Edward Vitkin, M.Sc. Thesis Seminar
Wednesday, 11.5.2011, 12:30
Reconstruction of genome-scale metabolic networks is considered as key step in
quantifying the genotype-phenotype relationship. A major computational challenge
involved in the reconstruction process is the identification of missing reactions
in a metabolic network a process commonly referred to as gap-filling.
Here, we present a novel gap-filling approach, MetabolIc Reconstruction via functionAl
GEnomics (MIRAGE) that searches for missing reactions required to catalyze metabolic
flux under steady-state whose presence is supported by various functional genomic data.
The method follows a two-step procedure. First, functional genomics data is utilized
to estimate the probability of including each reaction from a cross-species reactions
database in the final reconstructed network. Then, metabolic flux analysis selects
a set of high probability reactions, whose addition to the network would enable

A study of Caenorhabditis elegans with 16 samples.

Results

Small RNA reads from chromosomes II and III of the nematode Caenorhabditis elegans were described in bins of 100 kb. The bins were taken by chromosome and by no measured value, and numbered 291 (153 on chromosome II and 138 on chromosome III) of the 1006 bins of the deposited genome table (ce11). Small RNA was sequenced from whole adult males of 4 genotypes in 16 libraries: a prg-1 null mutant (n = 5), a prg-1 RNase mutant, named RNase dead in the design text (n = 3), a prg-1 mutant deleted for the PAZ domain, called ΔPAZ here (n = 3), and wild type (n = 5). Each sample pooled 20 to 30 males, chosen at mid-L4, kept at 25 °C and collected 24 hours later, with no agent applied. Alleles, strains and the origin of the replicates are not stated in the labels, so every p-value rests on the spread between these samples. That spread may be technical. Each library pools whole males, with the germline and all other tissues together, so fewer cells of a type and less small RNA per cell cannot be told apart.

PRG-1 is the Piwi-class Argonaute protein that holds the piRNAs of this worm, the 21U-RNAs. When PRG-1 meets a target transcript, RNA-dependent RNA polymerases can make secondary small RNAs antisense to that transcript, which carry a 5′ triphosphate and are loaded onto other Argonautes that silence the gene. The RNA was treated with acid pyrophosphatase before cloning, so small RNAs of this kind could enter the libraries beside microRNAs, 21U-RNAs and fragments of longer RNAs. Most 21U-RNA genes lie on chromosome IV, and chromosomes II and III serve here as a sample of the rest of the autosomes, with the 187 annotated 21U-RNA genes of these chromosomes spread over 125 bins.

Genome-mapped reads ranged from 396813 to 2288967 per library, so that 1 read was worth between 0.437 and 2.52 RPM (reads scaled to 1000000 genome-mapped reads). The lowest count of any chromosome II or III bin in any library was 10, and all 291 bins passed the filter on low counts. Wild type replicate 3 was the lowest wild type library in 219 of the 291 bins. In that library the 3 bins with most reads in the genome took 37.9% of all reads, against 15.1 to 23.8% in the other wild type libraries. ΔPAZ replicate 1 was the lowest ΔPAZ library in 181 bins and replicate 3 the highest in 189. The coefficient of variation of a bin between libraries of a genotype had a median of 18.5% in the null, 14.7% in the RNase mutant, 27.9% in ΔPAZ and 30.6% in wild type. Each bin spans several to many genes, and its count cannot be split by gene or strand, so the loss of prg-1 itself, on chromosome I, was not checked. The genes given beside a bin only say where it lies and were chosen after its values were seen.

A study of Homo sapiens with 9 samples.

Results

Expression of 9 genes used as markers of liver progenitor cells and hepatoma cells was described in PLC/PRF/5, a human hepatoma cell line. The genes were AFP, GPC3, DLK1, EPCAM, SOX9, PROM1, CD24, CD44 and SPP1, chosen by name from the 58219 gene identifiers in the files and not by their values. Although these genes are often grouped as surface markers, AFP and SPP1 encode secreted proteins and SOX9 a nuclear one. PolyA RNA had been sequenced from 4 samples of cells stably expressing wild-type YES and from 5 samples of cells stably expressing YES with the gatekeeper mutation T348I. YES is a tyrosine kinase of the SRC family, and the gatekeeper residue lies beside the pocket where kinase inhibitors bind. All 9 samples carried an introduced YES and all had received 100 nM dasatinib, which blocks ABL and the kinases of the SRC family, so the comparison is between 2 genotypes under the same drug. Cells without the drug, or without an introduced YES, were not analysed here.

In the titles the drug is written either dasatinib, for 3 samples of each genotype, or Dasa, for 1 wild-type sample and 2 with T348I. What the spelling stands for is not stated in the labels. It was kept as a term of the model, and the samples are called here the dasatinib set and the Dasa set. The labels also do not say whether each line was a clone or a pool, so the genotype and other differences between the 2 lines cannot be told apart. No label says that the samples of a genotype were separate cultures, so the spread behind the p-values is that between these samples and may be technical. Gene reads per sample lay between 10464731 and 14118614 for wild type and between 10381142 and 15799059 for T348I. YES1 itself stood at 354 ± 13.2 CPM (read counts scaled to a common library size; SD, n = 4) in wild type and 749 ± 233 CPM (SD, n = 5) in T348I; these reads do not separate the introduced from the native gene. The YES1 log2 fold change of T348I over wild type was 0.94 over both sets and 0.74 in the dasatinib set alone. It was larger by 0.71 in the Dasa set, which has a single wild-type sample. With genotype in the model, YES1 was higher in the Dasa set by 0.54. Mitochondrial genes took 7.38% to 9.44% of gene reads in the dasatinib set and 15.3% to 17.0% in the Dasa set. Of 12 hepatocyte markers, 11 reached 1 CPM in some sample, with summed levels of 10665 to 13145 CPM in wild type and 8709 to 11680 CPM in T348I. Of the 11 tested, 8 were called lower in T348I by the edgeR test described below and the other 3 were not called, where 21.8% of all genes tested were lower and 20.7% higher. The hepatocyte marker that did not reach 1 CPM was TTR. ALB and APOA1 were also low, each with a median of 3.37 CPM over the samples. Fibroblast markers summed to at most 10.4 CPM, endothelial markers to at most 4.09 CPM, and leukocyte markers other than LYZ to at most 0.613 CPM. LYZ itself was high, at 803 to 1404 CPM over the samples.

flux activation of all known reactions. The performance of MIRAGE, in comparison to
previous methods, is demonstrated in the reconstruction of network models for E. coli
and the cyanobacteria Synechocystis. Then, it is applied to reconstruct genome-scale
metabolic network models for 36 sequenced cyanobacteria, amenable for constraint-based
modeling analysis and specifically for metabolic engineering. To demonstrate the
utility of the reconstructed networks, a strain design method was applied to the
reconstructed models to predict gene knockouts whose implementation is expected to
significantly elevate the production rate of an important nutritional product, astaxanthin.